Brian Corrigan, ARN (BC): Datacentre power densities are increasing, due to the increased uptake of blade servers and SAN systems, while electricity costs are quickly growing. Is the industry headed for a crisis and, if so, what can be done about it?
Ronnie Altit, Dimension Data (RA): I had a conversation with a senior Gartner analyst recently who suggested there would only be blade servers [in the datacentre] within three years. Whether or not that’s the case, their presence is increasing and customers are trying to plan for the datacentre of the future. How can you grow your datacentre as need grows, rather than taking the monolithic approach that throws huge numbers of CRACs [Computer Room Air Conditioners] in the corners, and scale up or scale back as required. I don’t think we’re headed for disaster – it’s about planning now to make sure that short-term decisions underpin long-term strategies.
Kevin McIsaac, IBRS (KM): One of the problems is that we only have a vision of where things are going for about three years. The lifespan of a datacentre is about 25 years so how do you build something that’s going to be able to cope with the incredible changes that take place during that time.
Paul Harapin, VMware (PH): We’re in a period of tremendous change and whatever the world looks like in 10 years we know for a fact it’s going to be dramatically different from the way it is today – carbon emission trading is going to force everything up, demand for compute power is increasing, demand for electrical power is increasing at a higher exponential rate. Those types of commercial pressures force innovation into the market.
Gordon Makryllos, APC (GM): The biggest challenge is that there’s great innovation but most customers can’t take it on. Most datacentres are lucky to have 2-3kW per rack so they can’t take all the new storage, virtualisation, blade servers and communication equipment. All of those datacentres have to be turned over to take on the extra power and cooling. Energy legislation to reduce carbon footprint is going to accelerate those issues.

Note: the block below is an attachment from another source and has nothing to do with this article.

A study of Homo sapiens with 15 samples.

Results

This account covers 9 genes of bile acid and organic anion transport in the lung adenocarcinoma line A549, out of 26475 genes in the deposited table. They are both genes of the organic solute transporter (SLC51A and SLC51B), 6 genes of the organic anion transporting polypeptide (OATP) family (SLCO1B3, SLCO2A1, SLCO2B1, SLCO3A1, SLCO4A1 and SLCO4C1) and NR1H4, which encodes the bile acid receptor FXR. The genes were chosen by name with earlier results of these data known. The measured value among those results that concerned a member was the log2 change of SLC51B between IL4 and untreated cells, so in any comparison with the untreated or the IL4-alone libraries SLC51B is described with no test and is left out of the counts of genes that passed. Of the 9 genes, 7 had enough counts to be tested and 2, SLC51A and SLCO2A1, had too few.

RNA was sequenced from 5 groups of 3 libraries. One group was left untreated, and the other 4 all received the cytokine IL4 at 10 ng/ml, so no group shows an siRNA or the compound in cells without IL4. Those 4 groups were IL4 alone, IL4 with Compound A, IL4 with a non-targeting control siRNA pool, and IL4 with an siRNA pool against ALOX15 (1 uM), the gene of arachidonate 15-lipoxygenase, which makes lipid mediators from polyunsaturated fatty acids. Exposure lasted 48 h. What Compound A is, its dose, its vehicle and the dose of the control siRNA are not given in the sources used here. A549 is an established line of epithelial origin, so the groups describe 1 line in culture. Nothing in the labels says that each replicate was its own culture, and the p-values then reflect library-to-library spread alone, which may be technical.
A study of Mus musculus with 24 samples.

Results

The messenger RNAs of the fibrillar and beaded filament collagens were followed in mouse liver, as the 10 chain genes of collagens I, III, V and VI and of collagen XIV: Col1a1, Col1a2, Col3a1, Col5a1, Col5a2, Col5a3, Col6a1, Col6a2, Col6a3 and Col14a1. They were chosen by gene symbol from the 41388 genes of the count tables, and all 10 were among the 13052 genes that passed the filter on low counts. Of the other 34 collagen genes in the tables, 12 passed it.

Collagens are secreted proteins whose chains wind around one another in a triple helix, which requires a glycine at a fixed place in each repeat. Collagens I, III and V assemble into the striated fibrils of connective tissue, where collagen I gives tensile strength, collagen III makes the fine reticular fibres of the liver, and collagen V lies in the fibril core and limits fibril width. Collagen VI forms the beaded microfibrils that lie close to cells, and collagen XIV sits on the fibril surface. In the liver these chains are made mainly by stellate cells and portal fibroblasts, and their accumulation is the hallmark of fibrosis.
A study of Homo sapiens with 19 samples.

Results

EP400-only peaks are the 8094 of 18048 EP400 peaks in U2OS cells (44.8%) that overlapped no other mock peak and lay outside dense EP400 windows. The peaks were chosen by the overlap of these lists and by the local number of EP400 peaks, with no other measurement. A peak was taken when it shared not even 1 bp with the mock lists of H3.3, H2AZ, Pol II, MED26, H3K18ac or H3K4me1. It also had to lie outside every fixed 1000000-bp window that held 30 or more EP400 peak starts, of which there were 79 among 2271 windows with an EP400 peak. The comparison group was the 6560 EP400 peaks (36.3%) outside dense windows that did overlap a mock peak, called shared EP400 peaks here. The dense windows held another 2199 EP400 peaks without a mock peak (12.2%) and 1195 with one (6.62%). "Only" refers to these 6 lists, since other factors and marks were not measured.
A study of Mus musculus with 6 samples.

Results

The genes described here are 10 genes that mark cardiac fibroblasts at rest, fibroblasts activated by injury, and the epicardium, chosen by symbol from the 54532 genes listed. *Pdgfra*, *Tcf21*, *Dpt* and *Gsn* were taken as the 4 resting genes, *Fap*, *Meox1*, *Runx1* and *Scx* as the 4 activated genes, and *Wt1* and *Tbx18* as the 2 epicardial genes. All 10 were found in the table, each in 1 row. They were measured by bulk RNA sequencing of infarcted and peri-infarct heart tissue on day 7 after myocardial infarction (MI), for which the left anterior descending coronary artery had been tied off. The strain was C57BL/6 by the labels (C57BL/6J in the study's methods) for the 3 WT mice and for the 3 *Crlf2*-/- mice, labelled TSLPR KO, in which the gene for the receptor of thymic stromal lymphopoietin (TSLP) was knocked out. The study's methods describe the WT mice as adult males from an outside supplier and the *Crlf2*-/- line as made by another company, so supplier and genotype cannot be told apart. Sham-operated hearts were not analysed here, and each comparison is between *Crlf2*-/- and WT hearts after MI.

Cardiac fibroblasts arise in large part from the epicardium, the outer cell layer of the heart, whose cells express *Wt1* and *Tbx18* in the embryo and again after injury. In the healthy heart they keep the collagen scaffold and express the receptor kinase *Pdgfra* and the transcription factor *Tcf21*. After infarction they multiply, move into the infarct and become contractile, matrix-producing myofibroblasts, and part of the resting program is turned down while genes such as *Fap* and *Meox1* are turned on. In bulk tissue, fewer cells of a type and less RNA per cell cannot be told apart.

Dylan Morrison, Cisco (DM): The traditional model has been ‘accidental architecture’ where one business unit gets some equipment and puts it in a rack. That was fine a couple of years ago when we were using under 2kW per rack but that’s blown out of the water when you put a blade chassis in. I’ve seen datacentres that financial companies are moving into today that are provisioned for 2-3kW. That’s ludicrous when you consider how things are getting denser and the power requirements of that smaller footprint. It used to be that space was our problem but now it’s heat and power. The infrastructure around our cities is not coping with it either; substations don’t have enough power to feed into these datacentres. There’s a range of problems and that’s forcing companies to take an holistic view. Companies now have enterprise architecture teams making decisions about the datacentre. There’s great technology available but it needs a change in processes. Until now, CEOs and CIOs have been viewing this as a social or economic issue because they have to be seen to be green but CFOs are getting power bills that are up there with their labour costs. David Webster, EMC (DW): The CIO didn’t used to care about information; he used to care about technology and there were islands of it. The datacentre never showed up as a P&L item. If you look at the changes that have occurred in the past 25 years it’s not surprising that infrastructure hasn’t kept up. There has been no focus on managing a datacentre in terms of power, cooling, footprint or cost efficiency. We’re not suddenly going to find a solution – the reality is that the rise of information and the need to do stuff with it is going to keep advancing. The problem is not only a technology one. It’s a combination of business process, management, technology and education. I think it’s a small speed bump and in two years we won’t be looking at datacentre problems; we’ll be looking at the mobility of cloud computing and whether or not people can have access to information. Users don’t care about the datacentre.